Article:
The Castellorizian Club, or what many knew as the Cazzie Club, was a staple institution for Greeks in Sydney, particularly in the Eastern Suburbs.

Since its opening in October 1973, the Cazzie Club became an epicentre of the Greek community in Australia, with strong Greek businesses surrounding the club. Its success saw the growth of a younger generation of Australian Greeks, who participated in and enjoyed many of the Club’s activities.

“I was too young and may have missed out on the Cassie Club disco – though I somehow got in once as a fifteen year old wearing a The Clash t-shirt – and spent the night on the first floor at one of tables dodging the security,” historian Vasilis Vasilas reminisces on the Cazzie Club.

TUESDAY THROWBACKS #12: The CASTELLORIZIAN, or CASSIE, CLUB, KINGSFORDThis throwback brings back a lot of memories!!!…

Posted by Syndesmos Connecting People and Their Stories on Monday, 10 August 2020

The Cazzie Club came to life after a much younger committee was elected to run the Castellorizian Association in NSW. With expert qualifications, the new board had the necessary expertise to examine, develop and pursue the proposal to build a licensed club premises in Kingsford.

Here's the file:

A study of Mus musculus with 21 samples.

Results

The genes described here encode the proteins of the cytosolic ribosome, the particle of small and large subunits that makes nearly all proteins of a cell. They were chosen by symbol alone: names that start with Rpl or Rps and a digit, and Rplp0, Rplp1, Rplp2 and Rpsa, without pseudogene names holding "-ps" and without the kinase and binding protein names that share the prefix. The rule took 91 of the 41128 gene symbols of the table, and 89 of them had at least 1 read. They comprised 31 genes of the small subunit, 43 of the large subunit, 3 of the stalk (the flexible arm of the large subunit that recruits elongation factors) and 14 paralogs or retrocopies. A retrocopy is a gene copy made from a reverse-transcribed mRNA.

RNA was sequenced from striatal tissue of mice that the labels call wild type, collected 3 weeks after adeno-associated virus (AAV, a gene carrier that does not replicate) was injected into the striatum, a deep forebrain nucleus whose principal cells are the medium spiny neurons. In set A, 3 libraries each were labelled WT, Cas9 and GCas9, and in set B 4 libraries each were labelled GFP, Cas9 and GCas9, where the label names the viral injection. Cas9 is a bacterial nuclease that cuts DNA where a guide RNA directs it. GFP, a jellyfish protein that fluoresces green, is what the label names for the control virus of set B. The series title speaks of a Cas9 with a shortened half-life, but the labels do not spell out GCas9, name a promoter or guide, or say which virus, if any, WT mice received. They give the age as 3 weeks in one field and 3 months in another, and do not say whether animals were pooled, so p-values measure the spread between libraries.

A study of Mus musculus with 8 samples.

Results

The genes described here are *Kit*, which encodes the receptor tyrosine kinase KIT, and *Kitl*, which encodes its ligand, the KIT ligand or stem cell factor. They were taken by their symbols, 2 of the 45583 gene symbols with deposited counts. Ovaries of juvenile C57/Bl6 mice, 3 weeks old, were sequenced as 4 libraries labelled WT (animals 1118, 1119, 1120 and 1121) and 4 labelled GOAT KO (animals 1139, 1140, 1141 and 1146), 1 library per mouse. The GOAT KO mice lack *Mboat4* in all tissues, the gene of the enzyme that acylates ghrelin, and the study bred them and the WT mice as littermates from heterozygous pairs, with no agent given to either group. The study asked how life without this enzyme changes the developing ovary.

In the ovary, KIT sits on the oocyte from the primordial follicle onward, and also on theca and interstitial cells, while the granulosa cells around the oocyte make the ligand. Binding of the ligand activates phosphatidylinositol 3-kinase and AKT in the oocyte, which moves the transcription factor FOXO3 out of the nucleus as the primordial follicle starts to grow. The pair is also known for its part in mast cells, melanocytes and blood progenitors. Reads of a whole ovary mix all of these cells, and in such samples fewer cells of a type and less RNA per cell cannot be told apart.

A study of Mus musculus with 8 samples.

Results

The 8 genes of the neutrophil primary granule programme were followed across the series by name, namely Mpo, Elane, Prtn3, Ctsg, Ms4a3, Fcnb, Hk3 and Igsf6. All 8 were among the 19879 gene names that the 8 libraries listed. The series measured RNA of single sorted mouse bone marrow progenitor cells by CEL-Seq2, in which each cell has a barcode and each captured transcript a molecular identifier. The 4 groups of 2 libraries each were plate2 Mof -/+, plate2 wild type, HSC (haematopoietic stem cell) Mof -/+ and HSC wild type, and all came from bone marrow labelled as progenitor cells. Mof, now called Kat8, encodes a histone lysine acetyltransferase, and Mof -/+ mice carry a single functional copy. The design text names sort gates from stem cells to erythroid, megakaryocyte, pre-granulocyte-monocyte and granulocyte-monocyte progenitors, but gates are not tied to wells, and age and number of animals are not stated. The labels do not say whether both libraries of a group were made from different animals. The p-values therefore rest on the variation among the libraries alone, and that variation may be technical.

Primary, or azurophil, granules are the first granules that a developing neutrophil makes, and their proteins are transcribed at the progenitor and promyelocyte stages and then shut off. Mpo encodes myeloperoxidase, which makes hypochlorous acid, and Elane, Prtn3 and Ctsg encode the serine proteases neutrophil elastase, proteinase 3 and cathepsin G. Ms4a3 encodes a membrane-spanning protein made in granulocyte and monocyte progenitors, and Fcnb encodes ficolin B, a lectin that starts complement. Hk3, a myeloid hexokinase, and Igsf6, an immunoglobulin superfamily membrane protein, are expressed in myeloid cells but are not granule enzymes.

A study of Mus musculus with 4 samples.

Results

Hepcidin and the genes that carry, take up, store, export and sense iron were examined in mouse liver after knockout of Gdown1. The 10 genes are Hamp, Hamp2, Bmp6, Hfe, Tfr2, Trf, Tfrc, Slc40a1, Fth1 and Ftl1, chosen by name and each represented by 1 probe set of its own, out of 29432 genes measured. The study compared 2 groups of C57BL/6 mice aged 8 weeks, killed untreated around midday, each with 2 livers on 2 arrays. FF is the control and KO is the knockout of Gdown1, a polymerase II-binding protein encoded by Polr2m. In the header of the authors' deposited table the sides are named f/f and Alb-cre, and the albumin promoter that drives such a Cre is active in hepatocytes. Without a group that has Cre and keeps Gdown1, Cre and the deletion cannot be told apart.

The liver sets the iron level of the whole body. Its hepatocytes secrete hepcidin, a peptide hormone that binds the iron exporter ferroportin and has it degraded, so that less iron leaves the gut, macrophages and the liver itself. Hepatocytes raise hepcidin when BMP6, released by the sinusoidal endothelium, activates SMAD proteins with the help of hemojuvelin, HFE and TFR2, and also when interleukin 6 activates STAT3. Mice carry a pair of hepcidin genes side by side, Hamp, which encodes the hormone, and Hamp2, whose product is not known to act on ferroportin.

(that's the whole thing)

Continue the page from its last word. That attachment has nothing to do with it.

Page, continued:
Paraschos (Perry) Kailis, President of Castellorizian Club Limited at the time, saw to it that the new Cazzie Club was to bring a new positive Greek vibe to the Eastern Suburbs. On 6 October 1973 the new Club was officially opened to the members and their guests by the then Lord Mayor of Sydney, Nicholas Shehadie OBE and blessed by his Eminence Archbishop Ezekiel.

O’Deas Corner in Kingsford. Former location of the Cazzie Club. Photo: Sydney Completion

A great number of spectacular concerts, lectures, events and activities were held at the club, bringing Greeks from all across Sydney to engage in social activities. Many former attendees all say the same thing; It was more than a club, it was a cultural hub.

In 1985 the Club was awarded the highest honour from Greece, receiving an award from the Athens Academy for their community work and for the maintenance of Greek culture in Australia.

According to the Castellorizian Association, much of the success was due to the enormous voluntary contribution of a small core of members, “who over a number of years ensured that a number of complicated but necessary steps be followed to achieve their vision.”

Although the Club has sadly closed, The Greek Herald understands that a new Cazzie Club is soon to open in NSW, with details to be announced in the coming months.